Hobart Backyard Farmer

Just another garden blog

You Say Potato

You all know I am a lazy blogger, but I have a confession to make… I am a lazy gardener, but this year, I have been way too lazy and I fear that my spring crops will pay the price with smaller yields. I am busy trying to get things tidied up and prepared for the summer crops… I am cutting it very fine though, but I think I should just be able to scrape things in and get a back on track with a good summer crop.

The previous few years I have dedicated new beds to potatoes which has allowed me to plant near the base and layer straw and soil on top as they grow. This technique resembles the “mounding” that “they” say one should do to maximise harvest, and allows me to get a good amount of organic material into the garden bed over the season, to improve the soil structure and quality. This year however, while looking around at my weed covered vegie beds, and cross referencing my calendar, I thought maybe I would not have the room or time to plant the spuds, but, I  was reminded by my pseudo-wife just how delicious home grown, new potatoes are, when the skin just flakes off and they melt in your mouth.  With this in mind, I started thinking of where in the garden I could slot the delicious tubers.

I saw a while ago, I think on Gardening Australia, a technique of growing potatoes in wire mesh “cages” for those with limited space. I remember thinking at the time, with my expansive allotment, that I do not need to worry about the trivial space saving tricks of those more space challenged than myself. Turns out that I am a bit space challenged, as, even as a grown man, I am not allowed to seize the lawn, which I despise mowing, and turn it over to the vegies, therefore, I have resorted to stealing ideas and pockets of space for the spuds.

The cages are pretty easy to build, 4 stakes forming a square in the ground and some hexagon wire mesh (chicken wire?) wrapped around. I then lined with paper. I then chucked some partially decomposed straw on the base, a spud or 2 on top of that, and a bit more straw. The theory is, I will keep adding straw as the potatoes grow, and come harvest time, will remove the wire and feast on my bountiful crop.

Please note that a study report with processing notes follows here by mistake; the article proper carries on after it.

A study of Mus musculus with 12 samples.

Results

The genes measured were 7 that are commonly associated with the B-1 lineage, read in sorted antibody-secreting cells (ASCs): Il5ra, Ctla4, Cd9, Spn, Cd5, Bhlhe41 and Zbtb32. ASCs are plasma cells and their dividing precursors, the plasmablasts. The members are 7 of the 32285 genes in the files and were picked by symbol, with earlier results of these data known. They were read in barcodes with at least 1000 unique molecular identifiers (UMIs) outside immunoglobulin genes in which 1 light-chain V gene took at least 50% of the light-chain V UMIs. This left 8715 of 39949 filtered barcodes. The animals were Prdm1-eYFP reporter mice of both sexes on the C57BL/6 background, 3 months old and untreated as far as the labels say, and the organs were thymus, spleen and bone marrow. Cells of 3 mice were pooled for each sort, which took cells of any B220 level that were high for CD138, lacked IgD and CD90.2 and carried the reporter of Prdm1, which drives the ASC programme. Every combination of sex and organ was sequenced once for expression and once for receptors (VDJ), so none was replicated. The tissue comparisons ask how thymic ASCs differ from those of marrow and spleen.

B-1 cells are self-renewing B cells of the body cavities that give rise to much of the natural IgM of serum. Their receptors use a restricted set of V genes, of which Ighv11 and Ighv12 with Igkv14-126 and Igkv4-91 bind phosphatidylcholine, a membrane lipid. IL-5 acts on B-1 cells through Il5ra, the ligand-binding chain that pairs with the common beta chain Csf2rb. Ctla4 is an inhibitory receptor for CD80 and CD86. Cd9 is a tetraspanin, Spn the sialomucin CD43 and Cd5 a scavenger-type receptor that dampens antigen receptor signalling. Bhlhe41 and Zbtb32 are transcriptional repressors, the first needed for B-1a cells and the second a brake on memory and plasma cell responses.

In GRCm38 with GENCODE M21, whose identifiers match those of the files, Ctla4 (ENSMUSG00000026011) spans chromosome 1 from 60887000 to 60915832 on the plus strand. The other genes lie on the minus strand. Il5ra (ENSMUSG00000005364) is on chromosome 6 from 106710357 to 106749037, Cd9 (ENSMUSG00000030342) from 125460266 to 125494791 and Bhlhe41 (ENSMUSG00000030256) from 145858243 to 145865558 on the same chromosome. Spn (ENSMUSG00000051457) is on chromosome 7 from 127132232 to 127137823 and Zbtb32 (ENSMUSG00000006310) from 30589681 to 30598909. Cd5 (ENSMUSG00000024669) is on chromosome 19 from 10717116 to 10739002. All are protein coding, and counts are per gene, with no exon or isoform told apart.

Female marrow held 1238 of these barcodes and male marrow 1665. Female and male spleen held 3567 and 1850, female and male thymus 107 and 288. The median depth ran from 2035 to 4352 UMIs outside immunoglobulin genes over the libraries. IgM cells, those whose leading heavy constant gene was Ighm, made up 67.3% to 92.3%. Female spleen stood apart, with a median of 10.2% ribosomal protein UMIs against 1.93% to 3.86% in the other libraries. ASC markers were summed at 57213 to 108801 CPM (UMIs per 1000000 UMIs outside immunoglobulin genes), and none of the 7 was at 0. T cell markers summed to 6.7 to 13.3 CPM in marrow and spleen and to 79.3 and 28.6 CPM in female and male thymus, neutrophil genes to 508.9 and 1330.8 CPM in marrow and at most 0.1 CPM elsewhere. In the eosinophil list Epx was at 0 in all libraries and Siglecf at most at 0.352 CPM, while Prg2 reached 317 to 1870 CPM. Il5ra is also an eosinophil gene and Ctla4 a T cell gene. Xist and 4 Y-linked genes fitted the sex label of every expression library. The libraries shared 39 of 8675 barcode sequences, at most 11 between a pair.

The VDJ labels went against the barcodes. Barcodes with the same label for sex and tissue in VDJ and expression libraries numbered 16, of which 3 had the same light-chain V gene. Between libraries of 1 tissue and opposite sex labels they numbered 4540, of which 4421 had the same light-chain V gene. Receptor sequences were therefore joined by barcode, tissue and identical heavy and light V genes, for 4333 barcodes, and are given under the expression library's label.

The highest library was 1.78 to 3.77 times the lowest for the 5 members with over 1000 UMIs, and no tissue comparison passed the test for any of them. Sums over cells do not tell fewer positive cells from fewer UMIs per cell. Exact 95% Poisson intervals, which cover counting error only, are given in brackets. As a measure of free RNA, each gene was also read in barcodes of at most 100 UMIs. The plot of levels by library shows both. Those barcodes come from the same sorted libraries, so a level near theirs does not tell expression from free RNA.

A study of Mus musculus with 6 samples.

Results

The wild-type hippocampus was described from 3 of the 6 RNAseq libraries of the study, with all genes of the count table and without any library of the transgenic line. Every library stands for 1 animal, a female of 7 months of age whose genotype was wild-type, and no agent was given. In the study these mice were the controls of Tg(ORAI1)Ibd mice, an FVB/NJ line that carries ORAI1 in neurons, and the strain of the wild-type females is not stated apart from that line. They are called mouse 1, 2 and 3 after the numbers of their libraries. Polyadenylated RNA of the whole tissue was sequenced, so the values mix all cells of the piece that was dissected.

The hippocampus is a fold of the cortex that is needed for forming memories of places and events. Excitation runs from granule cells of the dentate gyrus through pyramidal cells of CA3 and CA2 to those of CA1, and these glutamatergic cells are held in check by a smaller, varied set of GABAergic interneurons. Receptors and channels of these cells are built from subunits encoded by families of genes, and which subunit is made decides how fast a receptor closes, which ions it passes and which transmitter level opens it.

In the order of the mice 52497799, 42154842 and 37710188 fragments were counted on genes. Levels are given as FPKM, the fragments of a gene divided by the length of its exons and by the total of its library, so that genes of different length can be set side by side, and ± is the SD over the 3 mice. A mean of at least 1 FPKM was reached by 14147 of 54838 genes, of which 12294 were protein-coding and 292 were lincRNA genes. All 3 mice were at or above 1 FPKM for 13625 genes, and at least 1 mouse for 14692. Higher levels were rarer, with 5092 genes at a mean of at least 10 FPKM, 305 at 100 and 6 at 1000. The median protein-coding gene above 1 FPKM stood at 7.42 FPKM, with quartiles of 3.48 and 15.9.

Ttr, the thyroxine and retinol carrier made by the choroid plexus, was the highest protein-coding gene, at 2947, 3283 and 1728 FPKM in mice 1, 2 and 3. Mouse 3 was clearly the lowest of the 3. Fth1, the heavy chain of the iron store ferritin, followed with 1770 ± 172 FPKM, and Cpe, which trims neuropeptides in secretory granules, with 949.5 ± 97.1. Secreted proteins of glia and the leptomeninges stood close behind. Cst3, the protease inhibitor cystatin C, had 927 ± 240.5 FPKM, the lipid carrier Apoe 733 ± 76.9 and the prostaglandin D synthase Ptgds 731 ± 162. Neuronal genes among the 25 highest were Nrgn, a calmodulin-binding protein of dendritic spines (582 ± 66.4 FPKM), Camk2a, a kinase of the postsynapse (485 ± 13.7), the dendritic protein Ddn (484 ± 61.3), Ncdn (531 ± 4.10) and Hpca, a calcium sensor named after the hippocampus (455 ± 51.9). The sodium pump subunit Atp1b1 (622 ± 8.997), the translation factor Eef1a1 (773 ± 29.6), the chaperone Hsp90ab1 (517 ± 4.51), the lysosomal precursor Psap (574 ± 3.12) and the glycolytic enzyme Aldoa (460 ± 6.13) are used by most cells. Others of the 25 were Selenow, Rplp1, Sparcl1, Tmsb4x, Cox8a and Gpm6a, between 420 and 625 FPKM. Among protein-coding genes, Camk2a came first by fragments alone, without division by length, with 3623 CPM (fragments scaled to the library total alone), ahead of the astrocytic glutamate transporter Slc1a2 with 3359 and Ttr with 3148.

A disclaimer… This is the first year that I have tried both, growing in these cages, and growing purely in straw, and therefore, cannot vouch for its effectiveness. I will however, let you know the results. Below are some pics, obviously not of the same cage due to a variety of factors (yes, I forgot to take photos).

Grow potatoes in limited space 1

Grow potatoes in limited space 2

Grow potatoes in limited space 3

Grow potatoes in limited space 4

Grow potatoes in limited space 5


  1. Liza Weatherall

    October 9, 2015 at 8:28 am

    Sounds interesting. Look forward to getting the feedback on how it turned out.

  2. Very interested in your experiment. I’d always wondered why anyone would grow potatoes at home when they are so freely available. But then you mentioned the obvious reason that I’d overlooked… The taste. Just like homegrown tomatoes or cucumbers or garlic. The taste! A little bit jealous too because we are reno’ing the back yard and it’s taking longer than expected so no veges in the ground for me for a while longer.

    • admin

      October 9, 2015 at 10:01 pm

      There is always your front yard 😉 Yeah… Tomatoes is the big one for me Juz… The person who can bring a nice tomato to the stores will make millions!

  3. I have never ‘grown’ potatoes, they grow themselves in my garden!